MONTREAL - Mega Brands Inc. (TSX:MB) got some rare good news on Monday, winning a $72-million settlement related to its ill-fated acquisition of the Magnetix line of magnetic toys.

The news sent the company's stock soaring on the Toronto Stock Exchange, but the toy maker still faces a crucial test in the fourth quarter in the face of stiff competition.

Under the settlement with Lawrence, Jeffrey and Sydney Rosen, who sold their Rose Art business and its Magnetix product line to the Montreal-based maker of Mega Bloks and other toys, Mega Brands will receive $17.2 million cash.

The Rosens will also drop claims totalling $54.8 million against the company.

"This settlement allows me to put all my focus and resources on competing with Mega Bloks in the marketplace rather than in the courtroom," Lawrence Rosen said in a statement.

Mega Brands says the settlement deals with all outstanding litigation between it and the Rosens.

The Rosens filed suit in 2006 claiming additional payments and compensation related to their sale of Rose Art. Mega Brands counter sued.

Mega Brands claimed the Rosens withheld information about serious defects in the Magnetix product line, which had to be recalled and redesigned after it was learned that the magnets could come loose and be swallowed by children.

"This is great news for our company. The settlement validates our long-standing view that serious defects in Magnetix were not disclosed to Mega Brands before it acquired Rose Art," Mega Brands CEO Marc Bertrand said in a statement.

"A settlement of this magnitude mid-trial speaks volumes to the merits of our case."

Analyst Lutz Muller of Klosters Trading Group says the settlement is good news because "if any company needs money right now, it's Mega."

"It will benefit their balance sheet in terms of less liabilities they're going to show," he said. "They're going to show in the fourth quarter a very, very good result as a function of the settlement."

However, Muller said the settlement does not change the basic problems faced by Mega Brands, saying buyers from the large retailers still have questions about the company.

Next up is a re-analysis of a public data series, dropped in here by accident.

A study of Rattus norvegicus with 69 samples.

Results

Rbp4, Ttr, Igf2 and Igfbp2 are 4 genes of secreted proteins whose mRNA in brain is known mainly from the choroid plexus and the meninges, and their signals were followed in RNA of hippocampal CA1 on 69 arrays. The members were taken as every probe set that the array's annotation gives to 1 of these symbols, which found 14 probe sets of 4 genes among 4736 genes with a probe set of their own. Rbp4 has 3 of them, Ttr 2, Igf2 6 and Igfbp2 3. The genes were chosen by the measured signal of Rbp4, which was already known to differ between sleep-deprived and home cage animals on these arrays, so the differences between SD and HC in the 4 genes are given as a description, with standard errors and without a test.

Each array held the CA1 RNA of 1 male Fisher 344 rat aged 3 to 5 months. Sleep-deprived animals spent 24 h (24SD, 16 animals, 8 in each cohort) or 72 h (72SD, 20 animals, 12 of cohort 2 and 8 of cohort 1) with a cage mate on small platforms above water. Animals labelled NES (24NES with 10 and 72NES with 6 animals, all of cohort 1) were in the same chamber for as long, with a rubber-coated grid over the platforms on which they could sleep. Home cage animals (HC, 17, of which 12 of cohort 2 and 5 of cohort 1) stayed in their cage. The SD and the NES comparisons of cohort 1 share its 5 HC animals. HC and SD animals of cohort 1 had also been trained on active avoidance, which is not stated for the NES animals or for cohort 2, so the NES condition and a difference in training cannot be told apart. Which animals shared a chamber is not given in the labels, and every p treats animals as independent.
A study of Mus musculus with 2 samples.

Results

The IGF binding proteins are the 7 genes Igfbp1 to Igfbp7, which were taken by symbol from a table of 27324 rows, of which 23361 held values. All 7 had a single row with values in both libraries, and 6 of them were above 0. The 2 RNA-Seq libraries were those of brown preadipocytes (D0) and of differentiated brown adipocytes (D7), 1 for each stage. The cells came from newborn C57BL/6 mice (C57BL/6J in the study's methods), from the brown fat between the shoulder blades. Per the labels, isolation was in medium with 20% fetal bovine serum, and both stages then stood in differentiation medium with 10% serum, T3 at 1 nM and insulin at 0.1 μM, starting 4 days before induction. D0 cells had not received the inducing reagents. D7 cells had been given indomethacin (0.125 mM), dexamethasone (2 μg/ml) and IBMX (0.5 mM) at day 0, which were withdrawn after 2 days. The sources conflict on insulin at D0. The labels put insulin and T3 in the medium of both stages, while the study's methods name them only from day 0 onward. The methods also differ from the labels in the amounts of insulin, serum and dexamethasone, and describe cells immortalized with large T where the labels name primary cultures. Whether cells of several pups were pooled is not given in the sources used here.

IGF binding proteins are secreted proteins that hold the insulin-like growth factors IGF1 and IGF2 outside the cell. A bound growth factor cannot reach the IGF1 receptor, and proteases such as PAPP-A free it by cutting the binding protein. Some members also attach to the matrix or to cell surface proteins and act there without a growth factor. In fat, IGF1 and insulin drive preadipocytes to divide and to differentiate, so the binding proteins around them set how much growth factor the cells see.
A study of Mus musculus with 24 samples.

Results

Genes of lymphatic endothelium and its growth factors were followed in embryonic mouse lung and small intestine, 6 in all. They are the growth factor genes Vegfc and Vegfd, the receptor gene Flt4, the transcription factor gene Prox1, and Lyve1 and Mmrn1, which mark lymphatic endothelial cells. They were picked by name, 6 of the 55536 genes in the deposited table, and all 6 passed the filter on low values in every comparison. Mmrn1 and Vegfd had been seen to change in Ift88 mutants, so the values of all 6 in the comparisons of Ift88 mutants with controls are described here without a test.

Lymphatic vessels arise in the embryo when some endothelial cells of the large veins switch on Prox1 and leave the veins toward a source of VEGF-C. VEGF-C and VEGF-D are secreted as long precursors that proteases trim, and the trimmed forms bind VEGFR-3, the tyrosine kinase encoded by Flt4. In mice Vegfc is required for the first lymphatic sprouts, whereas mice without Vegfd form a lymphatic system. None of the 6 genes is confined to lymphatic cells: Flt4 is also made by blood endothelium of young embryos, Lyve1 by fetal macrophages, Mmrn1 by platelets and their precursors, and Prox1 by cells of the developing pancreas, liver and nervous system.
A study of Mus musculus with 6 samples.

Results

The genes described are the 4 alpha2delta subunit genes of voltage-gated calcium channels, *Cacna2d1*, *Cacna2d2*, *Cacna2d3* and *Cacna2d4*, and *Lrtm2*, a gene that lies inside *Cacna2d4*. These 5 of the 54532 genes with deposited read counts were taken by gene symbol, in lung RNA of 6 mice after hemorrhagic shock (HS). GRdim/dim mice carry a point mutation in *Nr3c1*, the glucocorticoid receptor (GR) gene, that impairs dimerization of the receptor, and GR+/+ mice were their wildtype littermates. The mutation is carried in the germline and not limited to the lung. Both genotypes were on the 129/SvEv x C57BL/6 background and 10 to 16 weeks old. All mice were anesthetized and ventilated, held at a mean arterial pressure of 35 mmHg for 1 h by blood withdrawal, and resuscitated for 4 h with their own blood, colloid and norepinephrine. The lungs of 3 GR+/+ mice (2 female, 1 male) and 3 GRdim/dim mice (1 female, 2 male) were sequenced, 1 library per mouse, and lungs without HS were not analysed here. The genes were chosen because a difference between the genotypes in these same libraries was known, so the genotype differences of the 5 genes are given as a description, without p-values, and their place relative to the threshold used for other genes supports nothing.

"They are still very skeptical about the company and it's way of doing business. They also continue to have a problem with the consumers who haven't really forgotten that Mega Brands had a number of recalls in succession.

"Unless Mega has really, really, really first-class sales through (the) fourth quarter, they are going to have problems next year."

He noted that Mega Brands has a strong licence in Thomas the Tank Engine but it is going against Lego, which has about 80 per cent of the market. Lego is continuing to expand its market share and has the top licensed products such as Star Wars, Transformers and Indiana Jones.

Mega Brands "has to spend money in establishing their licence and I'm not sure they have the necessary muscle to do so."

It is has also suffered a loss in shelf space as stores push their own licensed brands, and it still has to deal with the downturn in the economy on top of everything else, he noted.

"Mega is marching into the perfect storm if you're a toy company," Muller said, noting the company had made incredible efforts in the last 18 months. "I wish them well but I think they have an uphill battle on their hands."

The company's shares were up 22 cents or almost 46 per cent at 70 cents in trading Monday on the Toronto Stock Exchange. Volume was almost three million shares.

However, Mega Brands shares remain a shadow of what they were once worth. For much of the decade, the company traded at more than $15 a share, but plunged about two years ago after it issued weak quarterly sales amid high costs associated with the Magnetix business.

The company was forced to recall more than seven million sets after at least one death and four injuries were linked to the product.

Lawrence Rosen predicted sales for his new company, Cra-Z-Art, will exceed $50 million in its first year.

The company, a division of LaRose LLC based in Randolph, N.J., produces art materials, art and craft kits, games and puzzles.

"Our Cra-Z-Art staff, which includes 45 former Rosen Art personnel, is thrilled to be back doing what we do best in creating new, exciting innovative products," Rosen said.